Dog training Broward
Pugsy is learning manners with guests

One of my favorite catch phrases with clients is, “It’s hard to effectively train a dog while you are being ambushed”.  With our busy lives filled with multitasking, it’s difficult to be prepared to address undesirable dog behavior on the fly.  I get questions like, “What should I do if my dog has an accident in the house?”, “What do I do if my dog jumps on me?”.  “Traditional” (punishment based) dog training involved reactive responses to undesirable dog behavior.  Those responses usually included “corrections” that used force, fear, or pain.  Current dog training considers the emotional well-being of the dog.  Most educated and credential dog trainers do not use force, fear or pain in their training methods because they may traumatize the dog and cause it to be aggressive or fearful, or offer shut-down behavior.

Reactive dog training
Reactive dog training encourages dog owners to use these tools:

  • Cans filled with pennies (startle the dog with sound)
  • Air horns
  • Squirt bottles
  • A growly way to yell at the dog (taught to client by BarkBusters trainers)
  • Choke chain collars
  • Prong collars
  • Shock collars

This is a slippery slope.  For reactive methods and tools to be effective, they must be forceful, or cause fear or pain so the dog does not repeat the behavior.  That is NOT the relationship you want to have with a family member… especially one with sharp teeth.  When using these methods, dogs often protect themselves with aggressive or shut down behavior.  I don’t know anyone that gets a dog and imagines their life with their new dog to include growling, snapping, or hiding behind furniture to avoid confrontation.

Proactive Dog Training
Proactive dog training does not involve force, fear, or pain.  It employs rewards for desirable behavior and appropriate consequences for undesirable behavior.
I encourage my clients to use rewards like treats, play, attention, affection, freedom, and enrichment.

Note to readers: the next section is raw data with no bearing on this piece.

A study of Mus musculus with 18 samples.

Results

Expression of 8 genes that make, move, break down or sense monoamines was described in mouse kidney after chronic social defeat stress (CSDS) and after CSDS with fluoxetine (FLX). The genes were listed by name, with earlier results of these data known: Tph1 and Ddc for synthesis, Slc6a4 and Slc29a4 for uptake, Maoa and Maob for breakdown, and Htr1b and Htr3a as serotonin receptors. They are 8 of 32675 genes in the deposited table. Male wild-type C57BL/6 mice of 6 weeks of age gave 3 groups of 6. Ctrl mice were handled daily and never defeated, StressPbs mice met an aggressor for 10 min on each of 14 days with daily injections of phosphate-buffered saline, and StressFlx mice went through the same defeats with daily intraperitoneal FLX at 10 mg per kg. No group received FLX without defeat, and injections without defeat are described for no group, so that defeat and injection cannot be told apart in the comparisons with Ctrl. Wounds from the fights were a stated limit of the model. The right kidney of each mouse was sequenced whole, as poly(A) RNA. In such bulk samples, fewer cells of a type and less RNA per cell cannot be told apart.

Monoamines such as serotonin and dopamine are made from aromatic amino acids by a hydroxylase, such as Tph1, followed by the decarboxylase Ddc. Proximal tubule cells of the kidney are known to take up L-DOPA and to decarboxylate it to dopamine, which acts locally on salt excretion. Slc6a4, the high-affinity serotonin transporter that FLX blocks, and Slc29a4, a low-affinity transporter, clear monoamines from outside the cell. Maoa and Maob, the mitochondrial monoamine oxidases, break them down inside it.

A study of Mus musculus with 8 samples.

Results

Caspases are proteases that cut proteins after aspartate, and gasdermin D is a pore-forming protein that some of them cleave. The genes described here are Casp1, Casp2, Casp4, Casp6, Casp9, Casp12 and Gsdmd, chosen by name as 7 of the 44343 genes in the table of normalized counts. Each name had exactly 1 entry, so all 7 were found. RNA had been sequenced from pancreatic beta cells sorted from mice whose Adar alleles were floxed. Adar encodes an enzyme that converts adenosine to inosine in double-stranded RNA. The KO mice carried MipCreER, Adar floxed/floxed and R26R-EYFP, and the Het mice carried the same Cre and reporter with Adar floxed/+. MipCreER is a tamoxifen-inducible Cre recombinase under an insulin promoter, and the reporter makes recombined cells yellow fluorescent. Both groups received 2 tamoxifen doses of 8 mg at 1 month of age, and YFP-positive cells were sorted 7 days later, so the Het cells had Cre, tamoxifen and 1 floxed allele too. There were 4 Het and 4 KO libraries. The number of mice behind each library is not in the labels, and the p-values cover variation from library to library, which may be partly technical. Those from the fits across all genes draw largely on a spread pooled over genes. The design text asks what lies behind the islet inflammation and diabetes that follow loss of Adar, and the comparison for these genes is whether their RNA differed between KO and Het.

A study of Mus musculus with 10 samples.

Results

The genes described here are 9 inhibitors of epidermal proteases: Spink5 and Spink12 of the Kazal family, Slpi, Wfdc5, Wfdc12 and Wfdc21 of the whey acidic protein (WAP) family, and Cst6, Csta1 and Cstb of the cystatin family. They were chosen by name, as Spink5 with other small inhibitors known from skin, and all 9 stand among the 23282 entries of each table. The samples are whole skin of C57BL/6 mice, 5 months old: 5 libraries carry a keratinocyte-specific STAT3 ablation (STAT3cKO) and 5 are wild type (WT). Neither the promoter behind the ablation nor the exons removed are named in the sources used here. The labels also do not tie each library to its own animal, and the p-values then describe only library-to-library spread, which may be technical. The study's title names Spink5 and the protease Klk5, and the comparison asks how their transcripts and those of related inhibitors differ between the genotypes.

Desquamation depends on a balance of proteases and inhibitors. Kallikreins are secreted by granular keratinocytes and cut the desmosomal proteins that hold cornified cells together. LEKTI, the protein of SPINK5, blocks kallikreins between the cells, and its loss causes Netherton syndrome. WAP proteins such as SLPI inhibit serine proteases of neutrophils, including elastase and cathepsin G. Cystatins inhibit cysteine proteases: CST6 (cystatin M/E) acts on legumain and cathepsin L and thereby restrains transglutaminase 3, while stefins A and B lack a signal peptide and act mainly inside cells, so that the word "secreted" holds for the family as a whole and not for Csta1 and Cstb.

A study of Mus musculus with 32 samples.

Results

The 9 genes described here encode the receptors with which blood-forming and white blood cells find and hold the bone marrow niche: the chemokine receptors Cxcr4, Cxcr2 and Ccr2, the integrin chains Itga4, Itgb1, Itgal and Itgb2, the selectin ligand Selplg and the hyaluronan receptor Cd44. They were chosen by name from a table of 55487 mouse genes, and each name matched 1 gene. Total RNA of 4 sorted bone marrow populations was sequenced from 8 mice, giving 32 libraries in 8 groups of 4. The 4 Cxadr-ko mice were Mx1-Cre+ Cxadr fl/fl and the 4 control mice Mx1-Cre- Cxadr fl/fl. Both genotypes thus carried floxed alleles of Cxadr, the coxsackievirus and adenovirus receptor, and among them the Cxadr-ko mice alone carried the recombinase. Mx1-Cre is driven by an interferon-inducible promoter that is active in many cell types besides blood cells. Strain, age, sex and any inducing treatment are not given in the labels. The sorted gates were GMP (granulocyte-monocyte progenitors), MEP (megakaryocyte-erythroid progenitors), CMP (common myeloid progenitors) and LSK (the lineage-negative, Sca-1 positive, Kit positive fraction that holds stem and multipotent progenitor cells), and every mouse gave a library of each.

I encourage my client to use appropriate consequences like removing treats, ending play, removing attention and affection, and withholding freedom.

Back to the burning questions like, “What should I do if my dog has an accident in the house?”, “What do I do if my dog jumps on me?”.  I encourage my clients to think about ideas like, “How can I prevent this undesirable behavior?” or “Why does my dog have the freedom to offer this undesirable behavior?”.  When my clients are running around their house saying “No! No! No!”, it’s very likely that their dog has too much freedom.  To be more specific, the dog has more freedom than it can handle.

Training without force, fear, or pain requires limited freedom to prevent “bad” behaviors.  It also requires teaching and rewarding “good” behaviors.  Once a dog learns that good behaviors pay off, bad behaviors get extinguished.  Good trainers will substitute a good behavior like SIT, that is incompatible with a behavior like jumping.  Once the dog gives up on jumping because SIT pays well, then freedom can be introduced.

Proactive dog training sets the dog up for success.  It is all about controlling the environment so the dog is likely to make the right choices, and then gets rewarded heavily for them.  It requires practice and a commitment to doing homework assignments.  This type of training creates confident dogs that willingly and enthusiastically seek direction from their owners.  Using proactive dog training that is force free, pain free, and fear free, will give you the dog-human relationship you imagined the day you brought your dog home.

Looking for a top notch dog trainer in Greater Fort Lauderdale? Please call Oh Behave Dog Training at 954-587-2711 now for a phone consultation.